I spent a fair amount of last week at the American Booksellers Association’s Winter Institute in
While I made notes on everything from staffing issues to web-site design, there was one moment in the conference that I haven’t been able to get out of my mind.
It was no surprise that some of the hot topics of the week were e-books and e-book pricing. There was lots of speculation and conjecture. In the midst of a presentation from a representative from Google, discussing digital books, the presenter, as many do when discussing the future of the book industry, brought up a few analogies to the music industry. A graph was shown that displayed the ongoing declining gross revenue of the music industry over the past 5 years. While many people have discussed at length how publishers, in dealing with the digitization of books, need to learn a lesson from how the record labels mishandled the digitization of music, this presenter, almost as a throw away after thought, brought up what I believe to be a key issue that publishers and bookstores need to begin focusing on right away.
The presenter said, that when asking a top record label executive what he attributed this decline in revenue to, he stated, without hesitation, that “the decline of gross revenue is directly related to the decline of physical well stocked CD stores (paraphrased).” The record label executive was saying that in a physical store there are exponential “serendipitous” sales that simply don’t happen online (or at least not to the same degree).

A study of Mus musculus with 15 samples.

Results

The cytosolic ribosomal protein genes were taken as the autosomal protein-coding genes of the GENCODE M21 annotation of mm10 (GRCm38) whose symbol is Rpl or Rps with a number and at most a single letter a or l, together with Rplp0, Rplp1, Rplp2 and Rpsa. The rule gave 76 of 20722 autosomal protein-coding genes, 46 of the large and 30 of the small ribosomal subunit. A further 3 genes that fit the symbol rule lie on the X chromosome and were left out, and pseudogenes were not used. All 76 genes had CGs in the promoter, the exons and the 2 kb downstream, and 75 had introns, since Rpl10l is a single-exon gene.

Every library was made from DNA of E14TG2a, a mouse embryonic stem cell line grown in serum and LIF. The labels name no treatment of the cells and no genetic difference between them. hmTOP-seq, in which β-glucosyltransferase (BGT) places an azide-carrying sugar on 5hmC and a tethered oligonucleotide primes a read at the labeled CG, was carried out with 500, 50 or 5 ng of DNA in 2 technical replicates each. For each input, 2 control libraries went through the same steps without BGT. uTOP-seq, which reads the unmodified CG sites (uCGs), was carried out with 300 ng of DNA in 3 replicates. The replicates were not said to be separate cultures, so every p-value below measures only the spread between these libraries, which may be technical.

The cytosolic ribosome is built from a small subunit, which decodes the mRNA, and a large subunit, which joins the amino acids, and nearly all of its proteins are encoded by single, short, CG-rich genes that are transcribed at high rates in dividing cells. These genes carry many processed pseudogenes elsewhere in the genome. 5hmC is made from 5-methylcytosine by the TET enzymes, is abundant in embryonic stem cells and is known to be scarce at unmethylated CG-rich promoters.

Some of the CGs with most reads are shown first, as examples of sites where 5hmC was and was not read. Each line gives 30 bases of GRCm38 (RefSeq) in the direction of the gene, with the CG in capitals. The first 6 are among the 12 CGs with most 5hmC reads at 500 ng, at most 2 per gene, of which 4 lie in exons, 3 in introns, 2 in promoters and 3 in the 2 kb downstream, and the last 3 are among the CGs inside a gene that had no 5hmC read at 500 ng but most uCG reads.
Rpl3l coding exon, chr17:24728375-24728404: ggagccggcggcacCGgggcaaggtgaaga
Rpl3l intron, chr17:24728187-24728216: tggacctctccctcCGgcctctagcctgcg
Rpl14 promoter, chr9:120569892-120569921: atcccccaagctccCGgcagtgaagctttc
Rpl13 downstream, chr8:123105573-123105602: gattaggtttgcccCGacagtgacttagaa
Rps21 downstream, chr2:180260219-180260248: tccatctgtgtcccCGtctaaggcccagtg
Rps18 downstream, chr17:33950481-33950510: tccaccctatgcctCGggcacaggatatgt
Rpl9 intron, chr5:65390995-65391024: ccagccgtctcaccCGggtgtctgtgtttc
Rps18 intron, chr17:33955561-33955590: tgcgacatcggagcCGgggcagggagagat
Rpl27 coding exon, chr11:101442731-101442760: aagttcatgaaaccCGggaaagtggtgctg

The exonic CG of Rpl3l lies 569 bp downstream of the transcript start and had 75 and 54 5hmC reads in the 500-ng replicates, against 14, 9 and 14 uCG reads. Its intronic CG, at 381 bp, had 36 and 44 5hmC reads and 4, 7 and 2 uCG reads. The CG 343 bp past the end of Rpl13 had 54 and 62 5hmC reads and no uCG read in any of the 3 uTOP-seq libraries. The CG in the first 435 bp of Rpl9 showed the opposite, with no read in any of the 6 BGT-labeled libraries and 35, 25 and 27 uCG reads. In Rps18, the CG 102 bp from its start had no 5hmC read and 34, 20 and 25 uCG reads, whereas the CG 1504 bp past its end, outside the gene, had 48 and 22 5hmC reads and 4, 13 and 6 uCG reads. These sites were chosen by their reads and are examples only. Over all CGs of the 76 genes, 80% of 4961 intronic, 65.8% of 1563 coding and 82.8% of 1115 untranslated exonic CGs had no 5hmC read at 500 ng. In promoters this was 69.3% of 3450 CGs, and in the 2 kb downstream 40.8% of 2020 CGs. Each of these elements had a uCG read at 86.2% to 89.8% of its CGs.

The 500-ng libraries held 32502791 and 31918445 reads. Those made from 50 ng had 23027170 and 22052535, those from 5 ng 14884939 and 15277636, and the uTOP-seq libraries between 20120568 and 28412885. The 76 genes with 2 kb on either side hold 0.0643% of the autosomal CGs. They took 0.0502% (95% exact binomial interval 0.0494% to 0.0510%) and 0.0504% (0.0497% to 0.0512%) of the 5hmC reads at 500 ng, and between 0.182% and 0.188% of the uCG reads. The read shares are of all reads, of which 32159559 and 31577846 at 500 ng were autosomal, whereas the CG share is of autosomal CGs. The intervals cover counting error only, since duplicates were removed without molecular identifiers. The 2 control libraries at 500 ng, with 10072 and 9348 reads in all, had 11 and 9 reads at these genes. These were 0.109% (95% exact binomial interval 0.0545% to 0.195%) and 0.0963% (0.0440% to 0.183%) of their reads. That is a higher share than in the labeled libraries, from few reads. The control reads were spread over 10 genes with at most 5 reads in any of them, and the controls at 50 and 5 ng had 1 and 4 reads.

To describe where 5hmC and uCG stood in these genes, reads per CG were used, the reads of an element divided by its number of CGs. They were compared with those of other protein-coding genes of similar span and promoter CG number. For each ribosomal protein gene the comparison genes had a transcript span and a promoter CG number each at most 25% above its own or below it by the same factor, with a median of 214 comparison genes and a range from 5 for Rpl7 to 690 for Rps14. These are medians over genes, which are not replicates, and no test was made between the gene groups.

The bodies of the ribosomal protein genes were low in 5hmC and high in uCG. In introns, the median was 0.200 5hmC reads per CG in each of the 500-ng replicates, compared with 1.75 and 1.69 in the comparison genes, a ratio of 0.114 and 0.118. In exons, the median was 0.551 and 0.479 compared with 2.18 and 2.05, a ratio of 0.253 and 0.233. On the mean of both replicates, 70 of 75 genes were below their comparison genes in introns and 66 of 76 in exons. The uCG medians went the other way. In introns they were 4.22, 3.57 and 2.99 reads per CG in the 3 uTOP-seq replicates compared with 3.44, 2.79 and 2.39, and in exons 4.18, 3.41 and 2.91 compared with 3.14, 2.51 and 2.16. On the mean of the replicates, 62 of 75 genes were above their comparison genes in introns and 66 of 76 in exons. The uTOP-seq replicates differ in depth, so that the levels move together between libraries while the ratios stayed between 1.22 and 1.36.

Customers, media, and publishers often pay lip service to the need for physical bookstores. But this was the first time I had seen data that suggested, if these stores were to go away, outside of it being a cultural blow to their local communities, it would be a significant financial blow to the industry at large, specifically publishers.
So what does this mean? It says that publishers need to make sure that in their overall strategic planning, that their support to physical bookstores remains a very high item on their checklist. Some publishers have taken some very important steps in this direction. Some publishers have programs to ensure that their bestselling stock gets distributed as evenly as possible across all retail outlets (physical, independent, chain and online).
But what else can publishers be doing? One thought came from Mitchell Kaplan of Books and Books in
Maybe these are the answers, maybe they are not. Either way, I hope the publishers who were at Winter Institute heard what I heard and will begin thinking about further partnerships with their showrooms. If they are, I know myself and many other bookstore owners would be happy to explore future models.